Photographic conservation at The National Archives
Those lucky enough to participate in this Training Day held at the National Archives, Kew on Tuesday March 15 2005 and led by Stephen Harwood, Photographic Conservator, agreed it had been amongst the best experienced by CAS members. the theme of the day was conservation and general preservation issues. The report is by Sister Mary Campion.
Maria Troupkou took the opening session, an audio-visual presentation dealing with ‘what reservation does’. It was informative to recognize the various material combinations occurring and to consider what intervention remedies as well as preventative care are necessary to keep items in circulation. The greater part of the session was devoted to minimizing risks such as proximity to rivers, motor ways and railway buildings and arrangements for transfer of documents from stack to reading room, storage conditions, slow infestation, copying and consultation.
The second session, led by Nancy Bell dealt specifically with preserving books and in particular with the translation of scientific technical information for practitioners. She spoke of material testing programmes and envisaged that in due course all the information would be available on the website. The materials range from parchment to modem plastics and synthetic support. A very interesting part of this presentation was that dealing with ‘design’ of boxes and folders.
This topic was continued by Brian Thomas, Head of Map Conservation, who spoke of storage formats for maps and other large documents illustrating his presentation by examples of various made up styles. Of particular interest examples of rolled encapsulations rolled round tubes rather than rolled inside them and then stored in calico bags. A 17th century L-shaped map showing the confluence of two rivers was in a purpose built collapsible box, with a crush proof interior.
By that time we were ready for the ample lunch provided. The many first-time members had opportunity to meet the whole group informally; conversation was animated and relevant.
The break was followed by an energetic tour of the National Archive led by Stephen Harwood. The fabric itself was of considerable interest but so too were the reading rooms, microfilm reading section, photocopying unit, record copying, finding aids, reference works, storage of maps, seals and parchments. We also saw one of the current exhibitions: Movers and Shakers from Chaucer to Elton John, and of course, the Great and Little Domesday Books.
Then it was back to the lecture hall where John Abbott spoke of issues involved in document handling and preservation. Two sound principles he insisted, are care and common-sense. He then developed a number of relevant issues the majority of which stressed cleanliness (personal and environmental) space ( enough space to look at the documents, space to have the documents fully supported,) and anticipation of basic problems. He illustrated his talk with examples of different kinds showing weights used to stop scrolls rolling back on themselves and wadding used to protect seals. Gloves to be worn throughout. There were numerous practical tips – cut through tags rather than try to thread them back through the documents use a palette knife rather than a staple extractor to removed staples avoid pressure sensitive tape be careful to ensure papers do not get damaged by tape through the edges not being aligned when using tape round a book make sure the knot lies over the silk edge.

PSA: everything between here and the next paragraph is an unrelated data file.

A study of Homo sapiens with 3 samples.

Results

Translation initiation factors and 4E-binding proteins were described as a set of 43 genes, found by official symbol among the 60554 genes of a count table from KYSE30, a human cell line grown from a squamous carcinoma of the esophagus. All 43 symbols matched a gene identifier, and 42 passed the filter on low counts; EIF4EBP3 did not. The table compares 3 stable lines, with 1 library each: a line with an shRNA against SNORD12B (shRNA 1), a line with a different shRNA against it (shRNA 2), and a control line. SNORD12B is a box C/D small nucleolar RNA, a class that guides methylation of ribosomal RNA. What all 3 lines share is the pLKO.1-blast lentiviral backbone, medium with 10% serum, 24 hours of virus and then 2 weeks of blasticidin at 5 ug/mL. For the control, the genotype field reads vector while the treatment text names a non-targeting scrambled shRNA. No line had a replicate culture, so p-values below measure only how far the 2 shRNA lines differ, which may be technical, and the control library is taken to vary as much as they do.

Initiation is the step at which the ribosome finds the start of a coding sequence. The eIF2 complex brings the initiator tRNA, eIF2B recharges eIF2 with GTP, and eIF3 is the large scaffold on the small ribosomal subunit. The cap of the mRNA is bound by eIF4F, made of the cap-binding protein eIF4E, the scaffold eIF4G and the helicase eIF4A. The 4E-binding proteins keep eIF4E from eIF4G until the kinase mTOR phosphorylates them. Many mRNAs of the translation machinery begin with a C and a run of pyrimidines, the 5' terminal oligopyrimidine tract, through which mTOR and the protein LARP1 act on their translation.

The last session of the day was entitled ‘Identification of Photographic Materials and Encapsulation Technique.’ The presenter was Stephen Harwood and inevitably it roused great enthusiasm (and anxiety!) among participants. The opening remarks were simple enough – good quality boxes to keep off the dust and offer protection, and a temperature as cool as possible, even keeping the basic container in a frost-free fridge since colours fade after 20 years. Then came instruction on handling and producing lantern slides an dglass plate negatives. Those with these ‘treasures’ were advised to tour junk shops looking for a magic lantern; those with cellulose nitrate based material were to inform the local fire brigade since these items can self combust! The session ended with information on encapsulation.
Each session had been meticulously prepared for and in addition there were useful handouts and warm invitations to contact the speakers for further assistance.